Dino Babers released his week one depth chart earlier this week and one notable thing stuck out. For the time being, the Orange is switching from the previously reported 4-2-5 nickel defense back to its conventional 4-3.

What that means is Syracuse will lose a defensive back (the nickelback) and add a linebacker to the field. While this by no means is a permanent switch, there is still a lot to draw from change back to the 4-3.

First off is the matchup. Western Michigan is a far superior running team than passing. Last season, the Broncos finished ranked 21st in the country in rushing offense and 114th in passing offense, both ranked out of 129 teams. WMU only threw the ball on 37.3 percent of its plays, which was good for 110th in the country. It certainly helps to ditch the extra defensive back and add a linebacker instead, even if there is less experience. It helps to have the extra size with Andrew Armstrong’s size on the field. He stands a full six inches taller and more than 50 pounds heavier than nickelback Antwan Cordy, who has moved into the starting safety position instead.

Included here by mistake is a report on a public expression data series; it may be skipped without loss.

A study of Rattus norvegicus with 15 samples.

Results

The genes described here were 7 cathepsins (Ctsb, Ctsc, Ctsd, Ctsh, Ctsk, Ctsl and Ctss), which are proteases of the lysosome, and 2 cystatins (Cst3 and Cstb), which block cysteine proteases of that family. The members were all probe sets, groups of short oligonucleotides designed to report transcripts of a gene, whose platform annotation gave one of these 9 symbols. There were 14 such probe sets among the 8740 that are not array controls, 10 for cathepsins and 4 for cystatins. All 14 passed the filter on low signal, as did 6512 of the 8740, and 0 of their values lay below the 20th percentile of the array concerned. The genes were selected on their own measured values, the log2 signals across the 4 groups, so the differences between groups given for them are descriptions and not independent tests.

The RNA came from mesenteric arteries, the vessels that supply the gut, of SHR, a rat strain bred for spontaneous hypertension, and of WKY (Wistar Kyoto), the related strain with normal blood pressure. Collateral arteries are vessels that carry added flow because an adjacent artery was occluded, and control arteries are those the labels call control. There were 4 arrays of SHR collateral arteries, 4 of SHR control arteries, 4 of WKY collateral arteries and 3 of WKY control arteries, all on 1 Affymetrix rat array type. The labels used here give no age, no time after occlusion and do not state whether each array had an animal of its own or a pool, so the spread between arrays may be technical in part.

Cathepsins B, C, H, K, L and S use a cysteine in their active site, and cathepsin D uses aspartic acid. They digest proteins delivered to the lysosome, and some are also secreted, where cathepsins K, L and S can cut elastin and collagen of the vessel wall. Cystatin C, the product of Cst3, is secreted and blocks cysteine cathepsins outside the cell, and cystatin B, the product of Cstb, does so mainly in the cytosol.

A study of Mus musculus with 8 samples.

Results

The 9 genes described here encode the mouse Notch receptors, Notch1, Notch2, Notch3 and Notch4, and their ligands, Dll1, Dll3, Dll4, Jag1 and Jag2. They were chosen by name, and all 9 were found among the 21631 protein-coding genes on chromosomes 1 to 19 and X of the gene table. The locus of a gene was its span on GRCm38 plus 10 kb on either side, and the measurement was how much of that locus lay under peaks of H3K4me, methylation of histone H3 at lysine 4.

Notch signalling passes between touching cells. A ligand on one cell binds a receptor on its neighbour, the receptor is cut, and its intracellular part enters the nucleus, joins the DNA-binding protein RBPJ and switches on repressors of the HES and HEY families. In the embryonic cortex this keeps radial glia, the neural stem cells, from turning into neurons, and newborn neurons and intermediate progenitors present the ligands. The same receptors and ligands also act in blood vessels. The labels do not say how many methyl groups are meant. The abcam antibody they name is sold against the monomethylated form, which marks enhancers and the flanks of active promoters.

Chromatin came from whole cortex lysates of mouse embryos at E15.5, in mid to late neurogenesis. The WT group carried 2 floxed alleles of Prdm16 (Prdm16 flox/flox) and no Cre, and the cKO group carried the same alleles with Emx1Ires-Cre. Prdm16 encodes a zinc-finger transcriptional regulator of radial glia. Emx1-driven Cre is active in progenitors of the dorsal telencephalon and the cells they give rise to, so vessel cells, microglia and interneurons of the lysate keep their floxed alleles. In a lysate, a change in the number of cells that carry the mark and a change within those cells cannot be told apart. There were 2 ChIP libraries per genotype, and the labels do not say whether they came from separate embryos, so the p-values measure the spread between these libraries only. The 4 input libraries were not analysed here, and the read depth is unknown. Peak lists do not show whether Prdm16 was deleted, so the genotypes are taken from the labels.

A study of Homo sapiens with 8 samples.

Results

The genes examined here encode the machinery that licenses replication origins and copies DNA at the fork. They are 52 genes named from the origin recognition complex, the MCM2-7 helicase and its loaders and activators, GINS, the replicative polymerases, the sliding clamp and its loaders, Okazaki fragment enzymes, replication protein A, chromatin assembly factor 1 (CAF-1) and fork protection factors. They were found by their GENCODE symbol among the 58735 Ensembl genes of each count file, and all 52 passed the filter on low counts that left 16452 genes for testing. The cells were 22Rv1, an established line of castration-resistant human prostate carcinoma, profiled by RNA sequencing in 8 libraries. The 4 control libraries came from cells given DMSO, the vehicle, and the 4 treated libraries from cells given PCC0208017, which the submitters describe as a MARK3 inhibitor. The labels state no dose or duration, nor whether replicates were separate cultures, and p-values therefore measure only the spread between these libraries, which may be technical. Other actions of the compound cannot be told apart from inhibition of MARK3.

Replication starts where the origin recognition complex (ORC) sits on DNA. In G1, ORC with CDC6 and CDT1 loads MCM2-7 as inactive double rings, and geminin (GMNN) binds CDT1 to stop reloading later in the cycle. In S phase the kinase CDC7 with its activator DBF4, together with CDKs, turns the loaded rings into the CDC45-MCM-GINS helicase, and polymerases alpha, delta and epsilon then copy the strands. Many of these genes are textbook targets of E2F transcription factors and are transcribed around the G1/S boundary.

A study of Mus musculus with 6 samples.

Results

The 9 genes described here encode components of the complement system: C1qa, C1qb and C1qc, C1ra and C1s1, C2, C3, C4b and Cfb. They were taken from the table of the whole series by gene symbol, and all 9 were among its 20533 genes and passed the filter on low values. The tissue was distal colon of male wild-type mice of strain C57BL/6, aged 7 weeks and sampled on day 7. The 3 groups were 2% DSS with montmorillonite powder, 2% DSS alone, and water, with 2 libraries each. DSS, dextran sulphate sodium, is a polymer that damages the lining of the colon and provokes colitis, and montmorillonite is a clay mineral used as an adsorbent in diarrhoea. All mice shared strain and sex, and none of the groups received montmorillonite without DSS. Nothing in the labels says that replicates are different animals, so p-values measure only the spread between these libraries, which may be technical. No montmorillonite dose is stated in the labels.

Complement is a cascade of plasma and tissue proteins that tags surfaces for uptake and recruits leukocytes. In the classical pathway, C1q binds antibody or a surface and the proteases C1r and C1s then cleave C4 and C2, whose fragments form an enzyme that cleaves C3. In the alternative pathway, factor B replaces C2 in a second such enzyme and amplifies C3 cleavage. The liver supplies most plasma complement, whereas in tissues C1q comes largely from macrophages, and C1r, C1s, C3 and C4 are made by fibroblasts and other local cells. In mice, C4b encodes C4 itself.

As we progress throughout the season, SU will face teams like NC State that boast much stronger passing offenses. That could signal a switch back to the nickel as the base defense, but don’t expect Babers to necessarily reflect that in the depth chart in order to not tip his hand.

While the matchup certainly has played a factor, we have also heard Babers rave about the defense this offseason in scrimmages. It may mean that he has trust in his three inexperienced linebackers to get the job done, so moving back to a 4-3 would certainly make sense.

Along with that, Andre Cisco began camp as the lone freshman slated to start. He has since been moved to the second strings behind Cordy at free safety. Maybe Cisco isn’t ready to be “the guy” at free safety quite yet, especially with the Orange opening the season against a team that was bowl-eligible last season.

The Fizz is owned, edited and operated by Damon Amendolara. D.A. is an ’01 Syracuse graduate from the Newhouse School with a degree in Broadcast Journalism.